Awed, humbled and shocked by the destruction caused by the tsunamis that hammered southern Asia earlier this week, Linkin Park have teamed up with the American Red Cross to establish Music for Relief, a charity dedicated to providing aid to victims “We hope that anyone and everyone who can help will. We hope people will contribute what they can, because we can really save lives.” — Linkin Park’s Brad Delson of the tragedy.
Linkin Park have donated $100,000 to get things going, and they’re hoping their fans and musical brethren will follow suit.
“As a band, we were in a position to help, but this needs to be a lot broader effort — both by our fans and by other musicians,” Linkin Park guitarist Brad Delson said. “If one of our fans can donate $10, then that’s going to help, and the faster we can do it, the better.
“Here in the States, we might not think that we’re directly affected by all this, but we can help. And the more we can do, and the quicker we can do it, the more lives we can save,” Delson continued. “Obviously, there’s been a horrendous, unparalleled loss of life. But a lot more people are going to die from being homeless and the problems with the water and diseases.”
On Sunday morning, a 9.0-magnitude earthquake shook the floor of the Indian Ocean, stirring up massive tidal waves — called tsunamis — that smashed into coastlines from Indonesia to Somalia. In the aftermath, the death toll in southern Asia has climbed to more than 52,000, according to CBS News. The United Nations has estimated that at least a third of the dead were children.
Millions more remain homeless, and though they’ve survived the tidal waves, the worst may still lie ahead: Officials with the World Health Organization worry that diseases spread in the tsunamis’ wake — cholera, malaria and other communicable diseases associated with a lack of clean water and sanitation — could claim even more lives.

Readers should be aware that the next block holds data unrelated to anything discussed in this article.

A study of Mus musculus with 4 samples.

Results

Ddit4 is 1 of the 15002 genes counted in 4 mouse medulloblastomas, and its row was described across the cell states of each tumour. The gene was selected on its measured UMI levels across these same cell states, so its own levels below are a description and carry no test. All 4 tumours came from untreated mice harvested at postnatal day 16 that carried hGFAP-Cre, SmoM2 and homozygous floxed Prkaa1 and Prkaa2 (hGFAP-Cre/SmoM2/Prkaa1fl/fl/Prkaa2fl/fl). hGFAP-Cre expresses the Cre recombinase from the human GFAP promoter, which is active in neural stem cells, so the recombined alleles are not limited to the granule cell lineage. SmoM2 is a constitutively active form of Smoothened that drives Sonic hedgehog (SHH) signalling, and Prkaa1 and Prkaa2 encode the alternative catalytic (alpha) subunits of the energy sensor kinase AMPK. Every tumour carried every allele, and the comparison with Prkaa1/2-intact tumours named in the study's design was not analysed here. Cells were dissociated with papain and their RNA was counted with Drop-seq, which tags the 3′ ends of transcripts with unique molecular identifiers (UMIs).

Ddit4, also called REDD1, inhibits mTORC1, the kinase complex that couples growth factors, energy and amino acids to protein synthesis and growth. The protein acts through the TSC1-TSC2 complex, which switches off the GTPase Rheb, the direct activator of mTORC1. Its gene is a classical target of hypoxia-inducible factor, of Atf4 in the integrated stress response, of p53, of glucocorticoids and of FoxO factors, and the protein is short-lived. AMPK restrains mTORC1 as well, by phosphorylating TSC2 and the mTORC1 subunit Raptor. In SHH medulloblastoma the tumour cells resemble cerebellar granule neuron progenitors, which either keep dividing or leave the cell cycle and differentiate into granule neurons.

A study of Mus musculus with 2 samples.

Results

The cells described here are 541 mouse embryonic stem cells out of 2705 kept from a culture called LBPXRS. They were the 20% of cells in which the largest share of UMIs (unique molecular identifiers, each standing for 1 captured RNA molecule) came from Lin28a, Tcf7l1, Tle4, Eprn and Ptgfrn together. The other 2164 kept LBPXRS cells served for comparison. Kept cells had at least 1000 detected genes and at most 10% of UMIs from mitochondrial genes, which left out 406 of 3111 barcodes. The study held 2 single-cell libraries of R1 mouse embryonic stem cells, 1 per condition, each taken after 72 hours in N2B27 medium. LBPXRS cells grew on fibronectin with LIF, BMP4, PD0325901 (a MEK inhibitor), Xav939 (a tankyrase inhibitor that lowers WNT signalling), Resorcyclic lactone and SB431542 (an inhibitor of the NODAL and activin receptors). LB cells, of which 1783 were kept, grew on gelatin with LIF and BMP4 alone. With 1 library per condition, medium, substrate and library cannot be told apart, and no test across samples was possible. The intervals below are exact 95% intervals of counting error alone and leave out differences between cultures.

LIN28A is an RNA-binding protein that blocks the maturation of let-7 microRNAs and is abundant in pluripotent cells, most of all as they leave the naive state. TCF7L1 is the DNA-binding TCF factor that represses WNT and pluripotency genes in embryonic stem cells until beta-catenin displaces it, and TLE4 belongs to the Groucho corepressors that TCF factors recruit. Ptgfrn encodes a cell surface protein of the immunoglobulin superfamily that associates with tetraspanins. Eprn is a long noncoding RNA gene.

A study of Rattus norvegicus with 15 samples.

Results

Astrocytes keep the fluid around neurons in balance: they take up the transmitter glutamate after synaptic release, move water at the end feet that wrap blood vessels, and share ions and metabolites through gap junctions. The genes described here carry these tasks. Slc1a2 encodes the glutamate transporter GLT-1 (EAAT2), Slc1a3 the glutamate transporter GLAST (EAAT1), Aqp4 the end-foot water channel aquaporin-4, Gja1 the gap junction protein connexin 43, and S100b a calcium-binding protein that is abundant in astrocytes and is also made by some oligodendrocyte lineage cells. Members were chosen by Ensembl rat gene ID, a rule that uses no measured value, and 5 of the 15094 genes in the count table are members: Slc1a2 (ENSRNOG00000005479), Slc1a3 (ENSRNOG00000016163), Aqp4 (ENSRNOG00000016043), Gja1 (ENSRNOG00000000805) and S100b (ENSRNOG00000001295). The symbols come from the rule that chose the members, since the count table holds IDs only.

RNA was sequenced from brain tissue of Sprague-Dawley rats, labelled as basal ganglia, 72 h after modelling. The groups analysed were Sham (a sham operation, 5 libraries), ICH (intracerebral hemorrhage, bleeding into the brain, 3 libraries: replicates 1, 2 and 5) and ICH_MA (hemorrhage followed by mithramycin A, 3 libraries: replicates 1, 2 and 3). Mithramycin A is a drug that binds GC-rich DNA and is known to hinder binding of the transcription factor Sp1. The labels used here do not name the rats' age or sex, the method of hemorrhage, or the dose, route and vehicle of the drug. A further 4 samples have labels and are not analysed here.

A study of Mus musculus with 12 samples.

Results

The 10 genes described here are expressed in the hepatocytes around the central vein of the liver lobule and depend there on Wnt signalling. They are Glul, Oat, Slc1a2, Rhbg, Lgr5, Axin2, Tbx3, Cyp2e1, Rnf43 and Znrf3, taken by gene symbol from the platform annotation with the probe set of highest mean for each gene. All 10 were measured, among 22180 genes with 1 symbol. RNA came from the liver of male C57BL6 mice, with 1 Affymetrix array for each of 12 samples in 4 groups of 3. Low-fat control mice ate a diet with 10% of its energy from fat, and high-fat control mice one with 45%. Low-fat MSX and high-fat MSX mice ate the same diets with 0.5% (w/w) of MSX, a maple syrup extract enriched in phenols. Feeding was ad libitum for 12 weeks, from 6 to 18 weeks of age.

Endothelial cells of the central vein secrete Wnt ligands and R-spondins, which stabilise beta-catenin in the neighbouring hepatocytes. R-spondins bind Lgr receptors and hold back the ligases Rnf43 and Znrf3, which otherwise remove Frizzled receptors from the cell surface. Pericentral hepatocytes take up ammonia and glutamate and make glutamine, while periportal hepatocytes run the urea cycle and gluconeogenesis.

“The whole thing is really a race against time,” Delson said.
In June, Linkin Park played a massive outdoor concert at the Impact Arena in Bangkok, Thailand. Today, a few miles away, that city’s international airport serves as a makeshift triage station, with victims of the disaster receiving medical treatment on the tarmac.
“We played what was the largest Thai concert in the past 10 years. It was an amazing show, and I carry with me the hospitality of the Thai people and the people of southern Asia,” he said. “And having been there, I can just say that people there were so welcoming to us, and I really hope that through this effort we can help in some small way.”
Aid agencies around the world, including the American Red Cross and Britain’s Oxfam, are mounting what U.N. officials are already calling largest emergency relief effort in history. Hundreds of tons of food, medicine and blankets are arriving daily in hard-hit countries like Sri Lanka and Indonesia, and nations like the U.S., Japan and Australia have already pledged more than $40 million in aid. But more help is desperately needed; the U.N. has said that the disaster caused “many billions of dollars” of damage and may be the costliest ever.
“We don’t have a specific monetary goal right now,” Delson said. “But we hope that anyone and everyone who can help will. We hope people will contribute what they can, because we can really save lives.”